Thursday, 7 April 2016

It's hailing right now. Here. In France. Halfway to the South of France. In April. Nearly Summer.

What can I say - the weather is unpredictable. Often I think I would like to live in a Utopian country where the weather is known on a daily basis.  Always equable - neither too hot nor too cold. Where the rain falls gently - sufficient to fill rivers and streams but not enough to make it impossible to get from the car to the house door without being soaked. (Preferably at night, of course). Where the sun shines gently but persistently in summer on field and moor without ever being too hot for ones feet to touch the ground.

But who am I kidding?  This is not Camelot. And even Arthur had his problems, it seems. Problems...What problems do I have that could not be surmounted by a dozen or so knights of the round table galloping through Le Dorat, stopping at number 10 rue Robert Lapayriere, knocking on the door and demanding to know if the lady of the house would like some Round Table help with her labours.

Oh how I wish....

But no doubt you're eager to hear of my labours today.  Unaided by knights of the round table, although Sir Daniel of Radford has been giving of his precious time in order to supply magic potency to my kitchen.  In other words, he has connected up the hob and cooker (well the cooker will be done at the weekend) and finished the electrical sockets on the wall.

I, dear readers, have spent my time taking paint OFF yet another wall (how many walls does this place have, I hear you cry) and putting paint ON some sections of a lath and plaster partition, which now looks like this...

Sections ove LP wall

The bits that I painted today are just earth and straw and were b***dy difficult to paint as the earth had an affinity for the wet paintbrush and did not want to stay in the wall, but rather crumble into the paint tin.  In the end I just lightly skimmed over the left-hand two bits and hope this will hold the earth in place for further painting another day.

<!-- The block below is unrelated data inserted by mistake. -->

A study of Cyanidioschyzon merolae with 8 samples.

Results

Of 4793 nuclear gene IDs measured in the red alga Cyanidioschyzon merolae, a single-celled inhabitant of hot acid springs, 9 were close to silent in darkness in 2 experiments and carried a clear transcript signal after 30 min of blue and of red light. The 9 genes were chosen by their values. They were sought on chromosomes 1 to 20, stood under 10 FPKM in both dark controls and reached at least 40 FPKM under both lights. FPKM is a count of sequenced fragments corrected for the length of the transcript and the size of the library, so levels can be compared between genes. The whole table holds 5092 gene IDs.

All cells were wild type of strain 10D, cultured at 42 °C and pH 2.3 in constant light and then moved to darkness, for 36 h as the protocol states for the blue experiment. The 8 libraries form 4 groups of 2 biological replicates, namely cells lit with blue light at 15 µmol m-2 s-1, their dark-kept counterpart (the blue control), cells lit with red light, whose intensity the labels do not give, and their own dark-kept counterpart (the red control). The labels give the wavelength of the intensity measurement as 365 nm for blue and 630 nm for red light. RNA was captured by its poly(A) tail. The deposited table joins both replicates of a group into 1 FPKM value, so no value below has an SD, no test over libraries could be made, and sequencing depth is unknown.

The wall that I have been stripping back is the bit behind the door into the room from the stairs - the last bit of wall to receive my ministrations.  I am removing the dark brown paint and some of the other layers underneath, by working along with a chisel.  This leaves it in a sort of mottled state, which I rather like...

wall behind door

I have a mind to leave it (once I have removed all the brown) in this mottled condition and simply polish it as if it were a precious plaster - or as is the modern method for 'posh' cement.  I am now searching for a video on how to do this, from You Tube.

These close-ups show you how interesting the 'new' colour is...

section of wall behind door1

section of wall behind door2

Another chapter to come...


  1. You're working so hard, well done Penny! I feel so worn out just reading this. I can relate to the horrible dirt coming off the walls with the paintbrush, our walls in our house are like this, it's very frustrating but they're old, so I guess we have to 'lump' it...pun intended!
    When it's all done are you going to open as a shop again?
    Hugs Sharon x

  2. Great post, Penny! You are a good writer in addition to all of your other talents! I enjoyed your story.